Professor Jacques Bertrand recently published two books

November 21, 2013


Professor Jacques Bertrand has been very busy over the past year.

Currently he teaches both:

POL 215Y – Politics and Transformation of Asia-Pacific


POL 2429H1F – Democracy and Ethnic Conflict.

In addition to his teaching, Professor Bertrand is also the TA supervisor for the department of political science. Yet he still managed to find the time to release two books this year.

Jacques Bertrand’s research interests include nationalism and ethnic politics in Southeast Asia, minority rights, and democratization. He is currently working on a large comparative project on democratization and ethnic minorities in Southeast Asia, and both of these books relate to his research interests.


Edited by Jacques Bertrand, Oded Haklai

Routledge Press

Democratization and Ethnic MinoritiesMany new democracies are characterized by majority dominance and ethnocentrism. Varying paths or transitions toward democracy create very different outcomes for how ethnic identities, communities and politics are recognized. This book illustrates the varied consequences of democratization, from ethnic violence, new forms of accommodation to improve minorities’ status, or sometimes only minor improvements to life for ethnic minorities.

This book provides new insights and makes at important contribution to existing debates. Democratization and Ethnic Minorities will be essential reading for students and scholars of democratization, nationalism, ethnic conflict and ethnic politics, political science, history, and sociology.


By Jacques Bertrand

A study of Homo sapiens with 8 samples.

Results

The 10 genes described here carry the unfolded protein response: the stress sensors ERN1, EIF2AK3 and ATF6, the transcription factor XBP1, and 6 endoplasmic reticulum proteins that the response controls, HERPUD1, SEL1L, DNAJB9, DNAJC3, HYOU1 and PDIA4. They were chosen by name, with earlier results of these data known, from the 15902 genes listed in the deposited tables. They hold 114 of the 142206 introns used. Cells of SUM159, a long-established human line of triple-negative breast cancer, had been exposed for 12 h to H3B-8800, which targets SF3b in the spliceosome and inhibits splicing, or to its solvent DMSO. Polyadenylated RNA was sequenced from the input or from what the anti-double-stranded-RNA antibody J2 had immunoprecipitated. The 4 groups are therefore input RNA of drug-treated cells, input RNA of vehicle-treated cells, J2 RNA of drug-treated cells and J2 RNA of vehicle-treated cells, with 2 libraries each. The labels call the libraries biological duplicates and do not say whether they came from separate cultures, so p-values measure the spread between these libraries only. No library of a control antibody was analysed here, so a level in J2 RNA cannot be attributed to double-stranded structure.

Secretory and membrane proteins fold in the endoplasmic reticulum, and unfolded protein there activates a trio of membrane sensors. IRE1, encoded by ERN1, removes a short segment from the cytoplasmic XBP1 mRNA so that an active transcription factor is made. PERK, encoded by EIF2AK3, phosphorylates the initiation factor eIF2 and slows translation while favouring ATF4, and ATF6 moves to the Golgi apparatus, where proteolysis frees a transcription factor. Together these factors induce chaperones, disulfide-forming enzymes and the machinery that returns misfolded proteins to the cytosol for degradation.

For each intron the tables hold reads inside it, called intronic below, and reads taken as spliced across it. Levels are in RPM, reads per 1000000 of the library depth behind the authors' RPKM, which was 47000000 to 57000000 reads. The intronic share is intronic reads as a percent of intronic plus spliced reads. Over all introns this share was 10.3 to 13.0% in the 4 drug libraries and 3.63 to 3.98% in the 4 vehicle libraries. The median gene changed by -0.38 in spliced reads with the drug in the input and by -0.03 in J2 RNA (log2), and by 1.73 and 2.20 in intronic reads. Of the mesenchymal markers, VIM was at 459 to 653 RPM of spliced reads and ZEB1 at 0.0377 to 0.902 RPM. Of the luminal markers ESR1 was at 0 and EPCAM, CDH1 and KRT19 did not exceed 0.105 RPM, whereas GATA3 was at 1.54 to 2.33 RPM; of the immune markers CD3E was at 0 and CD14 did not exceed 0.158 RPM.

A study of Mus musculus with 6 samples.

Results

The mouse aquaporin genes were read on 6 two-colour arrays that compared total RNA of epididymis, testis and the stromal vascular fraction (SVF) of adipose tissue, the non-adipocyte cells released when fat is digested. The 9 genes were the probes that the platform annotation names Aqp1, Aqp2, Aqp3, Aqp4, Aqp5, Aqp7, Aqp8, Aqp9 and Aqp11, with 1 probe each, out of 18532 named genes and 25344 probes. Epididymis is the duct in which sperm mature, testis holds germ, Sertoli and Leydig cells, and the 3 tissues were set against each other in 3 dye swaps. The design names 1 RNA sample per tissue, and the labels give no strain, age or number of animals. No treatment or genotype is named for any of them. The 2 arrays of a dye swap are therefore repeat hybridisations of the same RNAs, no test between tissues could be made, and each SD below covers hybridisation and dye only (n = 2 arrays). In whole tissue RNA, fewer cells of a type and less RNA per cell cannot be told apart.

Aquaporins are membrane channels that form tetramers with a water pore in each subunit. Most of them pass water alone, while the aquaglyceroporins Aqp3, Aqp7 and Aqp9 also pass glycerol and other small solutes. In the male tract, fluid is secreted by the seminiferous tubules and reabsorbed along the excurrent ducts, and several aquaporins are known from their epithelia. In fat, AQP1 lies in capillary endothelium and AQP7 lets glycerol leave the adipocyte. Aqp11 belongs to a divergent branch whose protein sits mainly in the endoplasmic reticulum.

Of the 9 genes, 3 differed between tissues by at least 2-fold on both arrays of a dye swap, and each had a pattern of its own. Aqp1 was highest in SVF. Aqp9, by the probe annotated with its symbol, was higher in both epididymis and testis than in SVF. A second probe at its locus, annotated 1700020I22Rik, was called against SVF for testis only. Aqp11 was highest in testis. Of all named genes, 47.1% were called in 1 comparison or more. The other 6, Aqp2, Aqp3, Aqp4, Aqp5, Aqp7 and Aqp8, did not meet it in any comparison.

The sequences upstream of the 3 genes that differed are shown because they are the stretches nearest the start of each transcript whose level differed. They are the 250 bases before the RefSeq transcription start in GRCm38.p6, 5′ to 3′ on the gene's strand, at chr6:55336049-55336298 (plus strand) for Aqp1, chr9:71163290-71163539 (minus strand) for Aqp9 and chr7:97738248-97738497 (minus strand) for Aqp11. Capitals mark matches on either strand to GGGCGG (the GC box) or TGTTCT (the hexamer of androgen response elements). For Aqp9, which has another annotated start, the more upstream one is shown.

Cambridge University Press

Political Change in Southeast Asia Southeast Asia is a vast and complex region, comprising countries with remarkably diverse histories and cultures. Jacques Bertrand provides a fresh and highly original survey of politics and political change in this area of the world. Against the backdrop of rapid economic development and social transformation in several countries, he explores why some countries have adopted democratic institutions, while others have maintained stable authoritarian systems or accepted communist regimes. Bertrand presents a historically grounded account of capitalist countries and state-socialist countries, delving into the historical experience of individual countries, whilst simultaneously providing a comparative framework with which to draw parallels and foster a better understanding of the political and economic dynamics both within and between the countries. With powerful yet accessible analysis and detailed coverage, this book offers students and scholars a thorough and thought-provoking introduction to the political landscape of Southeast Asia.